With the General Assembly’s approval of a $12.7 billion state budget for the current fiscal year, local leaders are keeping a close eye on the levels of aid their towns can expect to receive.
The House of Representatives voted 59-6 Dec. 16 to approve a pared down state budget for the 2021 fiscal year that restores funding to cities and towns, uses federal coronavirus relief funds to aid struggling Rhode Islanders and does not raise taxes or fees. The Senate approved it 31-5 Friday and Gov. Gina Raimondo signed it Monday.
Importantly for local leaders, the bill fully funds state aid to education according to the state education formula.
That means that in addition to maintaining current local aid commitments, an additional $25 million in relief will be heading to cities and towns, and an additional $40 million to school districts.
South Kingstown officials met Dec. 16 to start local budget talks. Roughly $4 million to $5 million of the town’s $60 million education budget is money from the state.
“This is a big chunk of assistance,” Town Manager Rob Zarnetske said. “Actually in South Kingstown it’s not as large as it is in most Rhode Island municipalities, but it is still a significant sum of money we receive from the state to support our school program.”
State education aid has been on the decline for years in South Kingstown. The town is projected to receive $4.4 million this year, roughly level funded from the previous year.
That’s good because the town doesn’t have to make up for a loss, Zarnetske said. Historically, South Kingstown has lost about $565,000 annually according to schools Chief Financial Officer Raquel Pellerin.
Based on enrollment figures from March, the schools could see a modest $97,000 bump in state aid in 2021-22, she said. And because of how the state allocates funds, the town could see state its aid reductions level off and even rise as the community starts building projects in the future.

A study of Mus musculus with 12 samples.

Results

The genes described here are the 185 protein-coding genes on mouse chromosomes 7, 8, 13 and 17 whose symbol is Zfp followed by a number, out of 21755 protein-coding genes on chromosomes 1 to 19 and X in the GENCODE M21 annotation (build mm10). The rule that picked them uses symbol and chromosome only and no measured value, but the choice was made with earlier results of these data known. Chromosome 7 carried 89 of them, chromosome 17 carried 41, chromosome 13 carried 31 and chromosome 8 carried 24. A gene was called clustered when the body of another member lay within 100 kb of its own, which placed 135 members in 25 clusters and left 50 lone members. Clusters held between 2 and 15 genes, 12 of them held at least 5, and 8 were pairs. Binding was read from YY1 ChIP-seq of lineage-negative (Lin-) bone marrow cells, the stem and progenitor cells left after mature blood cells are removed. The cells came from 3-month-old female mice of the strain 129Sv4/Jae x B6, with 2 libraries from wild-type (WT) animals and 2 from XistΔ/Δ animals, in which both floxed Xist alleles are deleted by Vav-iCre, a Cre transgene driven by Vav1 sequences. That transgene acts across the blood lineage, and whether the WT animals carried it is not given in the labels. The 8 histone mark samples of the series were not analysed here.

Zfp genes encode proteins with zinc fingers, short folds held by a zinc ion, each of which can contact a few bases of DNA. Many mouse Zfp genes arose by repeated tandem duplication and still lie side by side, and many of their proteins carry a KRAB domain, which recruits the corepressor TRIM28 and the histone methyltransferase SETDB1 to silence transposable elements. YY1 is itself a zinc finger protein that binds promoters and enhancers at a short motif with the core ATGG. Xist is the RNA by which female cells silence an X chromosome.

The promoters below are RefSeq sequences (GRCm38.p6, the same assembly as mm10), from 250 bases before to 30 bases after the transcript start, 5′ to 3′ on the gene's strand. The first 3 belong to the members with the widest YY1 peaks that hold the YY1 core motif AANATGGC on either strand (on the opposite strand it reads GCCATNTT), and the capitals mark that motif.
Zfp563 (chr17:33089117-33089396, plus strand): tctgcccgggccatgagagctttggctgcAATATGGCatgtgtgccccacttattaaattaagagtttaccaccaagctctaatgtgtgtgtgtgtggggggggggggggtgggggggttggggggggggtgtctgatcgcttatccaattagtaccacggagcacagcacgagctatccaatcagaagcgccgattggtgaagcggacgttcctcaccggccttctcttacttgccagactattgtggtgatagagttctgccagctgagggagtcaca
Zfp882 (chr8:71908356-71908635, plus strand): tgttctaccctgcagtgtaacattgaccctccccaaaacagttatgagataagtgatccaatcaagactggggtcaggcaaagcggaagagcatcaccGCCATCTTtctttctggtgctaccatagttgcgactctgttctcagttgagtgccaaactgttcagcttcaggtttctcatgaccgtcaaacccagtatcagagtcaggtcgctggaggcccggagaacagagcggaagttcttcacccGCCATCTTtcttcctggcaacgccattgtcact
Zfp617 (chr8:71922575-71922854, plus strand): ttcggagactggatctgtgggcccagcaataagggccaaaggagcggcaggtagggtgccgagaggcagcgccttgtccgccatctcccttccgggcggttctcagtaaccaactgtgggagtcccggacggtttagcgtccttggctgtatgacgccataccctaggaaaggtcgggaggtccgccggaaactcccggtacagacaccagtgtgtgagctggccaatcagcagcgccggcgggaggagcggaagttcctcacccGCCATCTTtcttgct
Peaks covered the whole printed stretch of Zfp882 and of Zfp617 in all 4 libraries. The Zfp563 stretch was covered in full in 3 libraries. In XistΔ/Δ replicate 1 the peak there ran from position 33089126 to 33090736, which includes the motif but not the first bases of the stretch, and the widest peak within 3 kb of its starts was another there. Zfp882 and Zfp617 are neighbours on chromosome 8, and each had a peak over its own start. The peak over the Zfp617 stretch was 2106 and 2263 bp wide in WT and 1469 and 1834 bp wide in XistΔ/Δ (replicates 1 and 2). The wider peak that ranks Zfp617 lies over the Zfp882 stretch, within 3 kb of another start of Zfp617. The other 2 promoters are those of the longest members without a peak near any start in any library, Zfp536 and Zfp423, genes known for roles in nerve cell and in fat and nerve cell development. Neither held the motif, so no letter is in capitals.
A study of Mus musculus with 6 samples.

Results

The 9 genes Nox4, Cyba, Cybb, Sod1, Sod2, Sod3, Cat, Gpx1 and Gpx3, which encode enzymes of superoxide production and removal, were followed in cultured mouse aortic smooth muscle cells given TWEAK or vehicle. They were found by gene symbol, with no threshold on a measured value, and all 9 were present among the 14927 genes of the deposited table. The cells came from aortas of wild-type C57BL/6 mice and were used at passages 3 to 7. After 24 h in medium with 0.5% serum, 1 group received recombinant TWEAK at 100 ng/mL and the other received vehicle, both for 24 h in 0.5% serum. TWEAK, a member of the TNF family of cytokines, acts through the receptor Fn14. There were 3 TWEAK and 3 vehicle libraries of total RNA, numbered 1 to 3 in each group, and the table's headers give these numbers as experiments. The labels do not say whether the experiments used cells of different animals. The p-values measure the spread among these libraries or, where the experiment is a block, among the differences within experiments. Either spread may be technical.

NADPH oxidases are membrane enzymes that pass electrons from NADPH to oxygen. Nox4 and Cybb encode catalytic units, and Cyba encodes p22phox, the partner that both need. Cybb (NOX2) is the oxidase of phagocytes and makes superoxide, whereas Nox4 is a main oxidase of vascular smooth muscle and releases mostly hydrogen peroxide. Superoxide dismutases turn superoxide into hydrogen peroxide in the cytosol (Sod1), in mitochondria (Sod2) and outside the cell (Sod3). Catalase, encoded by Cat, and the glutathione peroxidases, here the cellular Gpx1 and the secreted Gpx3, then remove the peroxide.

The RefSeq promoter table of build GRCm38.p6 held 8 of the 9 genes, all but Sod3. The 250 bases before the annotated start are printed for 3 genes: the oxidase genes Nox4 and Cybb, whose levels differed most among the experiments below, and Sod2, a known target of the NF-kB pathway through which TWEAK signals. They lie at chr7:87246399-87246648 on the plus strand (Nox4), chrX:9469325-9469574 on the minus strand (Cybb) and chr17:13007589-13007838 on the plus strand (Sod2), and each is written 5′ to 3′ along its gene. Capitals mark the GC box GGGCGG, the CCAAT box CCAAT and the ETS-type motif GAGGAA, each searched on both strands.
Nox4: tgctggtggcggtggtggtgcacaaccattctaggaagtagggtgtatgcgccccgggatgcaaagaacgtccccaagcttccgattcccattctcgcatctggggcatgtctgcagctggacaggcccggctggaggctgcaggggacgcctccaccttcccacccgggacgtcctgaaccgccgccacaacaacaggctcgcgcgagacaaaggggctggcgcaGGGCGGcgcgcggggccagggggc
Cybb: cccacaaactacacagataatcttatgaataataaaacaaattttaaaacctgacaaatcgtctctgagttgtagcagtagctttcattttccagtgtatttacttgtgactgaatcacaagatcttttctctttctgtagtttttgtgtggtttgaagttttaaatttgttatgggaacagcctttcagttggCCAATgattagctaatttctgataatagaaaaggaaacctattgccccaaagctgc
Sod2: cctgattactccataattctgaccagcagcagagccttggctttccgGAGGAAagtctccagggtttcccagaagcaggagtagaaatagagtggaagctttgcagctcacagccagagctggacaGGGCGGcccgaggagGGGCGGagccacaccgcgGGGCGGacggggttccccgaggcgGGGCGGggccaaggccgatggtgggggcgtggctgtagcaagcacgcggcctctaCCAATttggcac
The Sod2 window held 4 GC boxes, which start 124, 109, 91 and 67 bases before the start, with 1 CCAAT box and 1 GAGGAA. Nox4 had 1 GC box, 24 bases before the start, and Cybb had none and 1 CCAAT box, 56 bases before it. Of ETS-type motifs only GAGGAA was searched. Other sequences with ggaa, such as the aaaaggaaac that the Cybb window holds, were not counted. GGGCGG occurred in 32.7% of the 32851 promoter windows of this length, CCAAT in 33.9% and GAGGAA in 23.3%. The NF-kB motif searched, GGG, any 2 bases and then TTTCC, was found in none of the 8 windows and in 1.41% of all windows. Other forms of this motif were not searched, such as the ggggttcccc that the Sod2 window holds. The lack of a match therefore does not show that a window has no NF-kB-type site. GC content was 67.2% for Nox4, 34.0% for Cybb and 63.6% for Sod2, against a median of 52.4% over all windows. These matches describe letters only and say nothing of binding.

“We aren’t in the position we’ve been in for so long, having to dig out of a big hole because of the funding formula,” Town Council President Abel Collins said.
On the municipal side, South Kingstown is estimating about $3 million in state aid.
“We kept state aid flat from the adopted budget, because it’s still being discussed,” Finance Director Zachary Saul said.
In North Kingstown, municipal and school officials met Dec. 14 to have similar talks about the coming year and how the town’s finances will fare.
“Fiscal Year 2022 will without question be one of our most challenging budget years yet,” Town Manager A. Ralph Mollis said.
Fortunately, he said, the town stands to receive 100% of its $11.8 million in state education aid in Raimondo’s 2020-21 budget proposal.
“This is welcome news,” he said. “I had encouraged that we include that in the budget, because it was promised. We knew it was a gamble, but that’s some welcome news over these last 72 hours.”
Mollis also said taxpayers would continue to benefit from the phase-out of the motor vehicle tax.
“We sent out motor vehicle tax bills here in North Kingstown with the assumption that this phase-out would continue,” he said.
Mollis called the experience of receiving COVID-19 federal reimbursements frustrating and “nowhere near the level that was promised,” but thanked the House for including COVID relief funds in the state budget.
“This is all promising news from fiscal year 2020, but we have some obvious challenges as we face revenue and expenditure effects of COVID for fiscal year 2021 and significant challenges as we prepare the budget for 2022,” Mollis said.
Among them: revenue reductions in meal and beverage taxes and property taxes, plummeting commercial property values and the increased cost of business because of COVID.
Narragansett Supt. Of Schools Peter Cummings said the state aid picture is still up in the air as officials start to design a budget.
“We’ve heard our state aid may be flat or cut a little bit. That is a moving target,” Cummings said.
The town also has delayed the mailing of motor vehicle excise bills, while waiting for the state to pass the budget.
Although the town’s actual due date for motor vehicle taxes remains legally as July 31, 2020, installment payments will be deferred to January 31, 2021 and April 30, 2021 to coincide with the statutory quarterly due dates for all other taxes.
While it does include $400 million in bonds in seven ballot questions that will be put before voters in a special election March 2, the state budget does not initiate any new programs. It is intended only to formally establish state spending for the fiscal year that began July 1, authorize the planned use of $1.25 billion in federal coronavirus relief funds which are coming up on a Dec. 30 deadline for use, stay current on obligations and prevent current programs from expiring.